The Colloids & Biological Interface Group at DTU Nanotech
Chemical biology at nanoscale is a research field in a fascinating development. Nanomaterials are being investigated in connection to multiple new technologies within the fields of drug delivery, diagnostics and biosensors. Biocompatible nanoparticle systems are of particular interest in all these areas. In the drug delivery field, nanoparticles can target diseased tissue through surface functionalization with targeting moieties such as antibodies and peptides. Through this targeting the nanoparticles can carry encapsuated drugs to the diseased tissue and release the payload specifically in the tissue. By similar design, nanoparticles can be used to home tumor tissue allowing utilization as diagnostic markers for visualizing and diagnosing cancer.
Nanoparticle systems also provides new possibilities for diagnosing diseases from blood samples. By coupling antibodies to the surface of nanoparticles it is possible to measure the presence of antigens that are markers for disease, with much higher sensitivity utilizing a number of measuring techniques. Furthermore, nanoparticles have been utilized as sensors for measuring metabolites and pH in tissue, cells and specific cellular compartments.
The CBIO group is focused on nanoparticle design, synthesis, biophysical characterization and biological evaluation within the above mentioned technological areas. However, the focus is on the fundamental properties of these systems from a basic research perspective. Thousands of articles and patents have been published in these areas in recent years showing the great potential of such systems. Even so, there is a fundamental challenge that is not being addressed to the necessary extend, being the basic biological interactions with the artificial nanomaterials. E.g. drug delivery systems are being designed with high complexity where enzymes are activating the drug delivery carrier for drug release specifically at the active site. Before the nanoparticle accumulates at the diseased target site, it has to circulate in the blood stream for hours.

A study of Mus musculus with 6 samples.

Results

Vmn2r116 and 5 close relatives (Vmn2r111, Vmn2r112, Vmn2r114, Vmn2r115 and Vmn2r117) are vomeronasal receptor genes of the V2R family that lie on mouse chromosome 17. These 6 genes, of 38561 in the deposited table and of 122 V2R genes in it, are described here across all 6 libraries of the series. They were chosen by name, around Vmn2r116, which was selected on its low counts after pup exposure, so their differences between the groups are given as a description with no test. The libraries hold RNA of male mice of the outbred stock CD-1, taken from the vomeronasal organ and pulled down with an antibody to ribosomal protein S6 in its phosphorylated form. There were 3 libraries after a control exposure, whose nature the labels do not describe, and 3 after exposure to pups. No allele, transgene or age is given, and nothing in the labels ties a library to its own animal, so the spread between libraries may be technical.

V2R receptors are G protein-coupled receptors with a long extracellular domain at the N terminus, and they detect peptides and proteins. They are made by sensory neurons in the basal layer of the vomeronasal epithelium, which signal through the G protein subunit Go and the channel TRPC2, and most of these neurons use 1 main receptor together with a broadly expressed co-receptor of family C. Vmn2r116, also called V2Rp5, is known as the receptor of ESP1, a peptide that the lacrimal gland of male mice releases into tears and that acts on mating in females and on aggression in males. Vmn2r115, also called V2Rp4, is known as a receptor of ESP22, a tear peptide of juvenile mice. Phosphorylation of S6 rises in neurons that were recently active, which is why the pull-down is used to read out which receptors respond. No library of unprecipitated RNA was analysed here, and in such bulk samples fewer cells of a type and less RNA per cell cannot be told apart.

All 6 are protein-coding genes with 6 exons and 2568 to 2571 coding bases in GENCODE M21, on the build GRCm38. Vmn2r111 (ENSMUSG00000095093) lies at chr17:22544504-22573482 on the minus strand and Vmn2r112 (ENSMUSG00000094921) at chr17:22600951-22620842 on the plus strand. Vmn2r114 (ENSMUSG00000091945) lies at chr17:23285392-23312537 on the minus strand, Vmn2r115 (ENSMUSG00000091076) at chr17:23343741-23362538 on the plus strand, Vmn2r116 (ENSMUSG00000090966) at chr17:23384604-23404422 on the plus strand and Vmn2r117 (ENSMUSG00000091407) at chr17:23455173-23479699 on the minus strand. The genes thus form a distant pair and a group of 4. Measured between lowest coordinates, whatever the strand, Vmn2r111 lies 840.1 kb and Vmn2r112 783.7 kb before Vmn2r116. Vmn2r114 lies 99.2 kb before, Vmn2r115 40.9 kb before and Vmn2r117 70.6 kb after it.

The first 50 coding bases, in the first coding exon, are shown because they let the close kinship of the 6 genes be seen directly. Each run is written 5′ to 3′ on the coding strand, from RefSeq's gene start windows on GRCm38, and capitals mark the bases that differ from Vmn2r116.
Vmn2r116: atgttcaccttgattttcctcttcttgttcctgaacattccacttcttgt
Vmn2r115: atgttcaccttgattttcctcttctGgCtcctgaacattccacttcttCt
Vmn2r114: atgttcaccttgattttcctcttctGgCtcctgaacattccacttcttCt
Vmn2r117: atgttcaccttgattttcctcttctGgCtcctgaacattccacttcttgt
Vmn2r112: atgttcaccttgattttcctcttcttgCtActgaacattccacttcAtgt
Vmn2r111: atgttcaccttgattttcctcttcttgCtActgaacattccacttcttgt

This will most likely change the properties of the carrier completely due to protein adsorption, possibly resulting in a carrier that is insensitive to the enzyme that it was designed for. The understanding of how nanomaterials are altered by the biological mileau is completely neglected and needs to be addressed by material technologists and biologists if the highly intelligent designs we are envisaging and engineering are to be successful.
This is the main focus of the CBIO group, where synthetic chemists, biophysical chemists and cell biologists are working together to understand how highly engineered nanosystems are interacting with the biology milieu at protein, organelle and single cell level. One example is the design of nanoparticle based sensors for measuring pH in intracellular compartments. To make successful designs we investigate the basic properties, such as stability, inertness and toxicity to find materials that are optimal for nanosensor technologies. We further investigate how surface functionalization impacts the internalization by cells and even utilize the sensors to investigate how other nanomaterials are effecting cellular behavior. Furthermore, through collaborations with world leading scientists we push the engineered systems into studies in animal models making new tools for in vivo imaging of cancer and drug delivery systems with improved efficacy compared to the free drug.